The Cambridges visited the DMRC Stanford Hall.
The Duke and Duchess of Cambridge carried out a rare joint engagement with the Prince of Wales and the Duchess of Cornwall on Tuesday. The foursome visited the Defence Medical Rehabilitation Centre (DMRC) Stanford Hall in Loughborough, where they were given a tour of the site and met patients and staff.
William, Kate, Charles and Camilla were in good spirits as they arrived at the centre together. The Prince and the Duke looked smart in suits, while Kate wore a navy ensemble and Camilla wrapped up in a dark green coat.
The DMRC is a rehabilitation centre for the armed forces and began treating patients in October 2018, replacing Headley Court in Surrey, following a decision made by the Ministry of Defence to relocate clinical Rehabilitation to Stanford Hall. The centre provides neurological care, occupational therapy and physical rehabilitation using adapted gyms and a specialised Help for Heroes swimming pool complex.
After the visit, Charles and Camilla carried out a number of engagements in Leicester, including visiting Leicester Market and the Cambridge Satchel Company.
The Duke and Duchess of Cambridge arrive at the DMRC. Kate wore a navy military-style jacket by Alexander McQueen and flowing midi skirt, with her brunette locks styled in a half updo. She accessorised with drop down diamond earrings.
Camilla looked elegant in a green wool three-piece outfit by Mr Roy.
The royal ladies made an elegant pair as they walked into the DMRC, having just missed a hail storm.
Kate seemed to pay tribute to late fashion designer Alexander McQueen with her outfit choice. The legendary Brit passed away on 11 February ten years ago.
Prince William officially opened the new treatment centre in June 2018 and he was the patron of the charity raising money for the centre. The facility was owned by the late 6th Duke of Westminster, Gerald Grosvenor, who started the project before it was handed over to his son Hugh Grosvenor.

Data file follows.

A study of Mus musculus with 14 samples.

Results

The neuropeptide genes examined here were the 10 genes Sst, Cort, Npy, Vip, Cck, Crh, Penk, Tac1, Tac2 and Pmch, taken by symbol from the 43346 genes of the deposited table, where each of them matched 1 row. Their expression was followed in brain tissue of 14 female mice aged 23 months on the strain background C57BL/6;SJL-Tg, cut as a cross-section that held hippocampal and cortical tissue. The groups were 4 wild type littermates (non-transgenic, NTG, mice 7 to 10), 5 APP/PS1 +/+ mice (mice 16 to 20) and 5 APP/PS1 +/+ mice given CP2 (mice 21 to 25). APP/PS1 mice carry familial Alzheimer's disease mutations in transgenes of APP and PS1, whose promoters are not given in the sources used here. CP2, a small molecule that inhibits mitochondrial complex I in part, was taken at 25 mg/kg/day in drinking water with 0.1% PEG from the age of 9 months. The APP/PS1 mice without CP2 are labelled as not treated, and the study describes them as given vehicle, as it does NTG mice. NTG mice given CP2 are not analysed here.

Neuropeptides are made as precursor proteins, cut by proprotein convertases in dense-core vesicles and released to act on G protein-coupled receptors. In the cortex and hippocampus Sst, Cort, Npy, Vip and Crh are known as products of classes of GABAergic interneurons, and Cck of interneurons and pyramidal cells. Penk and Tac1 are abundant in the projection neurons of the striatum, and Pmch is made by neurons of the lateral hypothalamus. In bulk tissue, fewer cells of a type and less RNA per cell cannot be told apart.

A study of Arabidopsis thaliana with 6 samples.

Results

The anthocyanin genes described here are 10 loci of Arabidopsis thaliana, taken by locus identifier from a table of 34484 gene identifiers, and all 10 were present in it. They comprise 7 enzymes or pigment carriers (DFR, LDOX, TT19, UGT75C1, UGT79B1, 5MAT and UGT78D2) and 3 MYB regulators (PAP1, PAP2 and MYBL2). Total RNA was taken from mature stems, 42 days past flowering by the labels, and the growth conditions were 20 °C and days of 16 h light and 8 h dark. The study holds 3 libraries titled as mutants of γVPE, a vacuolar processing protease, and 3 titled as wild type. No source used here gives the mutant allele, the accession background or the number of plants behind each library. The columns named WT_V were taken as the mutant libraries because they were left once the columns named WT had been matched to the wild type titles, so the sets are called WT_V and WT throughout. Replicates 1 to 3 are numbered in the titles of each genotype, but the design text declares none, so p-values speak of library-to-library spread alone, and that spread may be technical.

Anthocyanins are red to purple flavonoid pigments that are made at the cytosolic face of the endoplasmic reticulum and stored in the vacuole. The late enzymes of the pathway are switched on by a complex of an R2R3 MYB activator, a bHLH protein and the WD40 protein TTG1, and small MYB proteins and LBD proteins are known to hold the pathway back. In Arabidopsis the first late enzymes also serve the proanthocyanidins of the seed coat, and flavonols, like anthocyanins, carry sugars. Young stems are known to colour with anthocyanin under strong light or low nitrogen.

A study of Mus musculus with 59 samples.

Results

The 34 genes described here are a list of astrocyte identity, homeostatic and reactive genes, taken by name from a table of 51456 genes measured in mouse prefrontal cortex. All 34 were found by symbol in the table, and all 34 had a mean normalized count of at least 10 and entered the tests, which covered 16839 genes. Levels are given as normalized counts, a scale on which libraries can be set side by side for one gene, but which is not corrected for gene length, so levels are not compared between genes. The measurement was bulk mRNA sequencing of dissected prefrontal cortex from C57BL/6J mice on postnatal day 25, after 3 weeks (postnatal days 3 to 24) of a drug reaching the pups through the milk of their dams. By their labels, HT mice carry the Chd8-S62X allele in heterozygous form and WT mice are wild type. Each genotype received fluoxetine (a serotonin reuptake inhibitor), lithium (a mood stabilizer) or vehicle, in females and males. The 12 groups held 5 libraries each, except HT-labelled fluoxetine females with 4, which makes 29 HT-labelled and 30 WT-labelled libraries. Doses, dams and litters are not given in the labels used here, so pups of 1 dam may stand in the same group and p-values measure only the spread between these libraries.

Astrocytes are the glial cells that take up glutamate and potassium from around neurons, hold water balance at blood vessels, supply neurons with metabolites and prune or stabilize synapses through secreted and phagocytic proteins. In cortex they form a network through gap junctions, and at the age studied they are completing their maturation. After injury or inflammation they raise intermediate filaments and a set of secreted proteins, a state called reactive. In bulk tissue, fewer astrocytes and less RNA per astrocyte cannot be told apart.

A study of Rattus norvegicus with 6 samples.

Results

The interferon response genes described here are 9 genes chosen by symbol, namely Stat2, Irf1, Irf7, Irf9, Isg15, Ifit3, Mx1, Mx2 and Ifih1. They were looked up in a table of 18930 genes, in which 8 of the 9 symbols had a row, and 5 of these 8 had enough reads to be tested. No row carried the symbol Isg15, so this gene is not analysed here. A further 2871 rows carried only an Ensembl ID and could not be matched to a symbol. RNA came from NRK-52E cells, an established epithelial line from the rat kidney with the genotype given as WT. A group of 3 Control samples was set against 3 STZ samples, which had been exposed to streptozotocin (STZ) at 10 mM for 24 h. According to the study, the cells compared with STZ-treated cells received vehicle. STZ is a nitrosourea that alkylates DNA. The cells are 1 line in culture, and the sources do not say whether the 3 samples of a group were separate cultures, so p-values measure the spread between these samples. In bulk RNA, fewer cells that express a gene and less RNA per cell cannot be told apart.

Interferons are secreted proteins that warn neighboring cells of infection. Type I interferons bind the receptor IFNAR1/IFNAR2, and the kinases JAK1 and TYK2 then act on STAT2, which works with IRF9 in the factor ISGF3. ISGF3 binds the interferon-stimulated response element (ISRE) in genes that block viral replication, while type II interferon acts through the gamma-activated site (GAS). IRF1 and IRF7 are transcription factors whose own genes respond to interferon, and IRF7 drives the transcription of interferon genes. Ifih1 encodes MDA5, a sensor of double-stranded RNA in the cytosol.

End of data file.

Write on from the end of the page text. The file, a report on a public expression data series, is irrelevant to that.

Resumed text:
The foursome were given a tour of the centre, visiting some of the therapy areas and observing patients undertaking gym rehabilitation sessions.
The commanding officer of the centre, Captain Alison Hofman, said: “The plan had been to keep the royal party as a party, but clearly their interest in what was going on and the patients and staff meant that they wanted to engage with them. So we adapted! I am delighted. It went really well.” She added: “Them deciding to do a joint visit like this was amazing for us. Such a privilege to have all four of them together.”
Kate spoke to patients taking part in wheelchair basketball.
The Duke had a go himself at throwing a ball into the hoop from a wheelchair.
Major Les Richardson, 49, of the Allied Rapid Reaction Corps, who broke his ankle in a climbing accident 11 years and has had several operations since then, had lent William his wheelchair. He said: “I don’t think he wanted to get in the wheelchair but I encouraged him to have a try, which he duly accepted. He is a good sport.”
He managed to score a goal with the help of his father Charles, who pushed his wheelchair closer to the hoop. “It’s not going to go in!” William had exclaimed as he missed shot after shot, but was finally successful on his sixth attempt.
At the end of the engagement, there was time to join staff and patients for a reception, before the foursome unveiled a plaque to mark the visit.